Edward Burns — the writer/director/actor behind so many character-driven talky, Long Island/New York City based films — remains one of my favorite filmmakers working today. One of the main reasons why is how much I can relate to his films, and in this era of broken families, remarried parents, and single parents, a traditional “family Christmas” is difficult, if not impossible, to organize. In The Fitzgerald Family Christmas, Burns and his “murder’s row” of actors he’s worked with before show how seven siblings manage to pull together to celebrate the holiday even if some of them can’t stand to be in the same room as one another. Of course, with bigger families come more problems.
Gerry (Burns) is the oldest of the seven Fitzgerald siblings and the owner/operator of the family’s namesake pub. Gerry still lives with his mother (Anita Gillette) and has served as the de facto patriarch of the clan ever since their father (Ed Lauter) walked out on the family twenty years ago after striking it rich. That is, until their father contacts Gerry and is desperate to spend Christmas with his estranged family. The Fitzgerald siblings are besieged by all manner of problems — most of their own making — but Gerry attempts to pull them all together to come to a consensus about whether or not they should invite their father to the Christmas gathering even if their mother is completely against it.
Burns’ last several films have been about romantic relationships, but this one is about family relationships — most specifically, the relationships between the Fitzgerald siblings and their varied relationships to their estranged father. Naturally the siblings have differing opinions on whether their father should be invited over for Christmas — with the two youngest, Sharon (Kerry Bishe) and the just-out-of-rehab Cyril (Tom Guiry, AKA “Smalls” from The Sandlot) the most vocally against it. But the issue with their father is just the tip of the iceberg for the Fitzgerald siblings, who all have their own life issues — some involving each other — with Gerry doing everything he can to keep the clan together. That isn’t easy since the Fitzgeralds seem to have every problem possible — toss them all into a blender, mix well, and now you begin to understand exactly what Gerry has to balance with his father’s request. Though the siblings don’t particularly look alike, the connections between them feel very real — which is probably because most of them have worked with Burns before. Along with Burns, the cast includes Kerry Bishe, Marsha Dietlein (both of whom starred in Newlyweds and Nice Guy Johnny), Caitlin Fitzgerald (starred in Newlyweds), Heather Burns (starred in The Groomsmen), Anita Gillete (starred in She’s the One), Michael McGlone (starred in The Brothers McMullen and She’s the One), and Connie Britton (starred in Looking for Kitty and The Brothers McMullen).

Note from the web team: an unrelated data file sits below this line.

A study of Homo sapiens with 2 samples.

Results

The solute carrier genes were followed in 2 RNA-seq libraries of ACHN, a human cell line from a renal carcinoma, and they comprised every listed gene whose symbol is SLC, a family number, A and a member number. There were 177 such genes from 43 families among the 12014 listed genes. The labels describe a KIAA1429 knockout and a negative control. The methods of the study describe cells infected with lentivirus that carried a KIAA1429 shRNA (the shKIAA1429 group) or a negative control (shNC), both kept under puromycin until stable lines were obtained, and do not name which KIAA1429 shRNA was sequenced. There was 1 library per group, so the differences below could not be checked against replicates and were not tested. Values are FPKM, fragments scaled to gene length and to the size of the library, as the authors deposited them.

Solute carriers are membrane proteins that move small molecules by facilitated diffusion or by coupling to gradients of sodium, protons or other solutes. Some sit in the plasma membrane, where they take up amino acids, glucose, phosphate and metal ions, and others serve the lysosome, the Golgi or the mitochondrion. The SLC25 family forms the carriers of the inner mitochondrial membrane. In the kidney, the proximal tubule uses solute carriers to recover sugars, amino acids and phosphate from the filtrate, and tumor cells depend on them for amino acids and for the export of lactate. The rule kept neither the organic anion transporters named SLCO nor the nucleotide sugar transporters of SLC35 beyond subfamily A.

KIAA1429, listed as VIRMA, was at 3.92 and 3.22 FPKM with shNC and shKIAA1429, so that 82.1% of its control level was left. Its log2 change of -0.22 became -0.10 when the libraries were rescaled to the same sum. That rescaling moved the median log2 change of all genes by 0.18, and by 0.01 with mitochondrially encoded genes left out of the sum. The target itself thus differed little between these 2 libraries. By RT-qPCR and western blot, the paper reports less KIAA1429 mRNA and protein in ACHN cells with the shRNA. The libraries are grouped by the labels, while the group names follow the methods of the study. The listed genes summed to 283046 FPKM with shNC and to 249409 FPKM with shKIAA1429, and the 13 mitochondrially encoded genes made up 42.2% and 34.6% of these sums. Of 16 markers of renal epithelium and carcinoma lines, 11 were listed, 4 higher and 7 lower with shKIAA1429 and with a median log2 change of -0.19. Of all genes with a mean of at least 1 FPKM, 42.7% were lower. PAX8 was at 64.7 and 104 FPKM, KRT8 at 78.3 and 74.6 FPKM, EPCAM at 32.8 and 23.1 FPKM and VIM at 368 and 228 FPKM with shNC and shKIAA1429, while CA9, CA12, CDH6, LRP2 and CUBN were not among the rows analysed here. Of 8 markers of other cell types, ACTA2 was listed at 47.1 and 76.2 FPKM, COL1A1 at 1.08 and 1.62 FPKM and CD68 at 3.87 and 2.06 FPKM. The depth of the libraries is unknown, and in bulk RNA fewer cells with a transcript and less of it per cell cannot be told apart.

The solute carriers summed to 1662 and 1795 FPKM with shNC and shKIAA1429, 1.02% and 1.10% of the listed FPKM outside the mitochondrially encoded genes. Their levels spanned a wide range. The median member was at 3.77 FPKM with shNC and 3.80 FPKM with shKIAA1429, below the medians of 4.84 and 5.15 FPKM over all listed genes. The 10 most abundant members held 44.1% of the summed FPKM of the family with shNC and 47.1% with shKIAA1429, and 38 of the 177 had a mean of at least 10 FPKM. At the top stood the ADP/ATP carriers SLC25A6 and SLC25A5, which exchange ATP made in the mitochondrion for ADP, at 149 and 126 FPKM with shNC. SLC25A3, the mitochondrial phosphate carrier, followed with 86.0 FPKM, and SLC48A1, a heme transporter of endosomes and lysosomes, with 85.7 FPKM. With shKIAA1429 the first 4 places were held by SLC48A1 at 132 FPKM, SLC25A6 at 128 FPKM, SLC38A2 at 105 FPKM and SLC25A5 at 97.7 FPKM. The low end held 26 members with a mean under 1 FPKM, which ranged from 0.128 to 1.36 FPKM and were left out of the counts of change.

There is a lot under the surface here, since in a 100 minute movie Burns can’t possibly delve into the entire family history of the Fitzgeralds — yet we get enough to know that while they’re not particularly close, like many families they are there for one another when the going gets tough. Though much of the movie is saturated by arguing, there are many smiles — many because of Nora (Britton), a nurse of one of Mom Fitzgerald’s old friends who strikes up a welcome romance with Gerry (and perhaps most welcome for Gerry, Nora has no family to deal with). Britton is no slouch when it comes to moving between comedy and drama, and her character is a wonderful escape for Gerry, who one otherwise wonders why he doesn’t explode with frustration at his bickering, and often inconsiderate, siblings. After all, the film’s opening scenes show that while most of the siblings can’t forgive their father for walking out on them, none of them except Gerry can make time to spend with their mother on her 70th birthday. Much like their father, none of the Fitzgeralds are perfect (though Gerry comes pretty close, but one of Burns’ only weaknesses is his tendency to make his character the center of reason in nearly all of his films. Well, at least he’s not as bad as Dax Sheppard, who has to make himself the center of awesomeness in his movies, like Hit & Run).
The film doesn’t break any new ground for Burns, but it wasn’t supposed to. It continues both his low-budget trailblazing — though Fitzgerald must have had a larger budget that his previous microbudget films Nice Guy Johnny and Newlyweds based on cast alone, but he obviously saved on set costs by filming in locations he could get for free or on the cheap — and his analysis of the family that he began exploring in his very first film, The Brothers McMullen.
In that sense the film is on par with Newlyweds (check out my review of that here), except Fitzmas (as Burns has been calling it) has more heart. It’s a Christmas film that directly relates to the family relationship issues we’re all familiar with, yet at the same time demonstrates hope that at least on Christmas those negative feelings can be put aside to celebrate the best of us. And as far as Christmas movies go, that message is probably the closest to reality that we’ll ever get. Finally, a great Christmas film in a sea of yearly Yuletide made-for-TV junk and “comedies” like Four Christmases!
RATING: Burns continues to demonstrate that few filmmakers understand the close-knit connection of family as much as he does (8/10).